Friday, July 1, 2011
He Sings Over Us With His Love
The common practice is to accept this as harmless and even, in some fashion, right. Hogwash.
Personally, I feel that line is one which had to have been concocted by someone of just such an age; the minions to whom this sounded good jumped on the band wagon and took up the battle cry. It was probably an idiot from my own generation, who are now parents (or old enough to be) and have lived with this fable long enough to unwittingly accept it as the truth. Plus, it gives you "cool points" to let children have their way - for those who care.
As I began this conversation with my daughters, I informed them that they are entering into an age of personal freedoms, responsibilities, and accountability and would need to begin thinking about how they will be handling a great number of things. We discussed a few, advancing towards this subject of music. In our family, we have found it best to address the foolishness of youth. The intention is never to insult them or this particular age-group, rather our designs are to alert them to the pitfalls of their new terrain and the mindfulness that will benefit their walk. For better or worse, scientific studies and statistics prove out the precariousness of decision making in the young, from driving records to credit card handling to cognitive maturation.
We want our children to be thinkers, and our goal is not only to encourage them to do so, but to verbalize this goal to them so that it is deeply impressed into their hearts and minds. Questioning, seeking, extending ourselves are all healthy endeavors to which we should willingly yoke our hearts and minds. And to all this, we should bring the Scriptures to illuminate and see how everything bears up under its light.
I have been hearing these whiny complaints from my kids concerning the repetitiveness of Christian radio - true enough. However, if we were to listen to secular stations, the same will often be found. In perusing the lyrics of a number of songs by "popular" artists - Lady Gaga, Train, Justin Bieber, Matt Nathanson, Beyonce, Rhianna, Shakira, Alicia Keys... I found I didn't even want my girls to look upon these words. And yet, they are played on radio stations over intercom systems in dentist offices, beauty salons, and malls, and I am sure that my children are familiar with some of them despite our sheltering. Rising above my reticence, I determined we should approach this squarely and head on. So, I decided to read the lyrics out loud and ask if they recognized any of these songs. While there were a few that I was certain that they would identify if they heard the beat, they drew blanks on their own. And therein lay the key.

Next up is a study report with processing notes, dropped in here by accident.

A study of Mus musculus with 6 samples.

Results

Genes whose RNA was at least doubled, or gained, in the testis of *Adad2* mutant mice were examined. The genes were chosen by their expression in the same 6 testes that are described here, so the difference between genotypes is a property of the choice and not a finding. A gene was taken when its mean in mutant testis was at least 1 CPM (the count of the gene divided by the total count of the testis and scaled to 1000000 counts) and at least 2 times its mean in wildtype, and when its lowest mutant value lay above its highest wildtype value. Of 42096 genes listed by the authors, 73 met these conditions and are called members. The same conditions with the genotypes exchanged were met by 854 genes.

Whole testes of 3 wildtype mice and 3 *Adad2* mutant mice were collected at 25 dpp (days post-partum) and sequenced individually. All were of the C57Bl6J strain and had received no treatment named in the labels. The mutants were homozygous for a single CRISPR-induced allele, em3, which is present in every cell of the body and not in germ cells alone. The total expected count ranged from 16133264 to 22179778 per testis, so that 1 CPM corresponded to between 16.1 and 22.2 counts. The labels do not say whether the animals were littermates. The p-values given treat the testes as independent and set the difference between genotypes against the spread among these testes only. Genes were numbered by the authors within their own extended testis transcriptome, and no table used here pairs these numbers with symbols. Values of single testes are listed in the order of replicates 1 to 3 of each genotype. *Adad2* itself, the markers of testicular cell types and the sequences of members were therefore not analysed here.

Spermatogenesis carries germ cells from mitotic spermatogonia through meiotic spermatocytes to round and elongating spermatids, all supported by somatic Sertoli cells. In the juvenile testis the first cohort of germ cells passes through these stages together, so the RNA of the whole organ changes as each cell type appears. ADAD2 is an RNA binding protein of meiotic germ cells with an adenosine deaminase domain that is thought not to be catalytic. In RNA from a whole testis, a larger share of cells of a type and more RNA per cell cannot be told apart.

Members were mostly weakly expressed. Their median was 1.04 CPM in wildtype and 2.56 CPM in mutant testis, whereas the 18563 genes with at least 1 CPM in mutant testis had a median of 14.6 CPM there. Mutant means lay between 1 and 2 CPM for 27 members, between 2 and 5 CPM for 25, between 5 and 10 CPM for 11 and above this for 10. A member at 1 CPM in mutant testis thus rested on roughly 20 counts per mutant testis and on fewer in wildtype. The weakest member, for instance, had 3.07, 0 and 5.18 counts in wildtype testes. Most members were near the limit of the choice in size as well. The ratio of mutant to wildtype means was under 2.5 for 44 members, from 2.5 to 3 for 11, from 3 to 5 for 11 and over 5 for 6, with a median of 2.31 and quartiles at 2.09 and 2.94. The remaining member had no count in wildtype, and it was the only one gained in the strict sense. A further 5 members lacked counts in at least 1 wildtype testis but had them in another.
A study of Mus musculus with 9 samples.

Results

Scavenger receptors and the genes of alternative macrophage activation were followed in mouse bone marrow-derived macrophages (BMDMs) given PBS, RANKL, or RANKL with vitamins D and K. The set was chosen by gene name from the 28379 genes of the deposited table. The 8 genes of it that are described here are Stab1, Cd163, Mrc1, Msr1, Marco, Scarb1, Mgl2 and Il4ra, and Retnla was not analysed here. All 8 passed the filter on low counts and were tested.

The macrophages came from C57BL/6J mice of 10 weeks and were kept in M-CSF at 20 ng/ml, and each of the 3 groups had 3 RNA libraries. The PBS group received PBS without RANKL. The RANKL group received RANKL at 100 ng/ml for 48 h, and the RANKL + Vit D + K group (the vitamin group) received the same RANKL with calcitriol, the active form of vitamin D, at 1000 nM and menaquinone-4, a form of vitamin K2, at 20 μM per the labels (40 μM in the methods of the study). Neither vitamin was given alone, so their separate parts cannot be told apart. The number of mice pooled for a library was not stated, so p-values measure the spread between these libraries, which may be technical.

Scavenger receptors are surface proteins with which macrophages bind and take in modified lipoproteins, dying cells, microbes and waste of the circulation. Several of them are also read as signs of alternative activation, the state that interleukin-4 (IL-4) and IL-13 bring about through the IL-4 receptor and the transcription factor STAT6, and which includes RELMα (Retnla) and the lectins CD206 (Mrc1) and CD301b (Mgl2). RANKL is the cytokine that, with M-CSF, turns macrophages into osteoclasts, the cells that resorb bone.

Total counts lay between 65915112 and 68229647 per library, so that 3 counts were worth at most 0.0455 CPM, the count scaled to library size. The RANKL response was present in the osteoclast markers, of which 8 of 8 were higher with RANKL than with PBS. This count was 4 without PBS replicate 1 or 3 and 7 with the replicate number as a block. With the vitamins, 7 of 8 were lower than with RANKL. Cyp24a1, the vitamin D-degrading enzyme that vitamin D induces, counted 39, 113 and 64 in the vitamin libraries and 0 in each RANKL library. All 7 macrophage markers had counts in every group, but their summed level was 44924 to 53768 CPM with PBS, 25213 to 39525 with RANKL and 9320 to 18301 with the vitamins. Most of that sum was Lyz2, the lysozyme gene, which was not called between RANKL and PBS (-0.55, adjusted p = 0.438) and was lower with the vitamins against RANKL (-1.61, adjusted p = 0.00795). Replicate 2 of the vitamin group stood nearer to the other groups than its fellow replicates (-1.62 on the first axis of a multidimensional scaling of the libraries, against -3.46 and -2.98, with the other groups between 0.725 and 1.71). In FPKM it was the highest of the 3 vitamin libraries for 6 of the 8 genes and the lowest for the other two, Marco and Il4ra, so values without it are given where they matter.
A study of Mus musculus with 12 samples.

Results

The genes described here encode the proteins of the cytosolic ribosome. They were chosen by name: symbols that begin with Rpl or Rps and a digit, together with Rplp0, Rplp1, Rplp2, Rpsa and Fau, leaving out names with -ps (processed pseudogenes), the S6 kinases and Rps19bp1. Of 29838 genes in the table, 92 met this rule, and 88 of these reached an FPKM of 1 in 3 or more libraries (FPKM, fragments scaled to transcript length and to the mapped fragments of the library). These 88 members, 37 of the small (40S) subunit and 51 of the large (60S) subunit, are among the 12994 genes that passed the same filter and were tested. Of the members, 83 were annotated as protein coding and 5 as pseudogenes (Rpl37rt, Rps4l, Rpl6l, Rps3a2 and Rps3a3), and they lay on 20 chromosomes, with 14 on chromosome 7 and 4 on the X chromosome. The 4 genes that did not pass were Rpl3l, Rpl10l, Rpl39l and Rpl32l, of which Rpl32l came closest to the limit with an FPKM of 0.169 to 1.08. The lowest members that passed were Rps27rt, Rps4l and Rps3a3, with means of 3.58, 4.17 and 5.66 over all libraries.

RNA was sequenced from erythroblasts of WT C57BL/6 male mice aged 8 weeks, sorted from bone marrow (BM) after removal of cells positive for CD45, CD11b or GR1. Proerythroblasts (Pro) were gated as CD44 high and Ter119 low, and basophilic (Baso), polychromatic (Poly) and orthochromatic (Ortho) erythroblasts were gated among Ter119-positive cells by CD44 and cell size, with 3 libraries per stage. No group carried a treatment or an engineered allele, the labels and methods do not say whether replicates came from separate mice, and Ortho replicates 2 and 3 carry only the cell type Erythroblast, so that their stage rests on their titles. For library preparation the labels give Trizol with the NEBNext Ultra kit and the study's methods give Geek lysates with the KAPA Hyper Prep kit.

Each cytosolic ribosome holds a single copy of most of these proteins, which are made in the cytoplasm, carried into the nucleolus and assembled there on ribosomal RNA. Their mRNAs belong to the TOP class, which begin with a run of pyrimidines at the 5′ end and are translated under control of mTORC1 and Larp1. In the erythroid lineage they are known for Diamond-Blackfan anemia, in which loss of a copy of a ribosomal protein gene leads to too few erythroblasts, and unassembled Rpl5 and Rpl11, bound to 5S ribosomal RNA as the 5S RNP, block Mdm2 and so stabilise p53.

We all love catchy tunes and melodies. If an artist succeeds in creating something that hooks us and remains bopping around in our minds long afterwards, he's attained success. The problem we find usually lies within the words that accompany the harmony. Here is where our discernment comes in and our decisions are played out. Will we mindlessly nod our heads and hips to what we know is wrong because we like the beat? Or will we weed out that which is not edifying, and seek that which is? The common and recurring themes of girls moving their bodies and guys being encouraged to watch them do so was unequivocal and embarrassing for us all to hear, but couple it with a jazzy groove and they'd very well have supped up without hesitation.
My girls asked for me to review the words for several other songs, and I quickly looked them up and read to them. After a while, one would think of a song and the other would identify it as unacceptable before I even began typing. We did find some perfectly fine ones as well, and I think it was good for my kids to hear that I am not opposed to secular music, just anything that tears away at the strength and resolve we need to walk in The Way. This past Sunday's sermon (dated 6/12/11) tied in wonderfully by its explanation of how the psalms connected to the music of life for Jews before and during the days of Jesus. Our lives should be hymns of praise, crying out, and worship today as well.
*The LORD your God is with you,
the Mighty Warrior who saves.
He will take great delight in you;
in His love He will no longer rebuke you,
but will rejoice over you with singing.
He sings over us. What do we sing back in response? What songs are on our lips? In our hearts? In our steps? And even in our hips?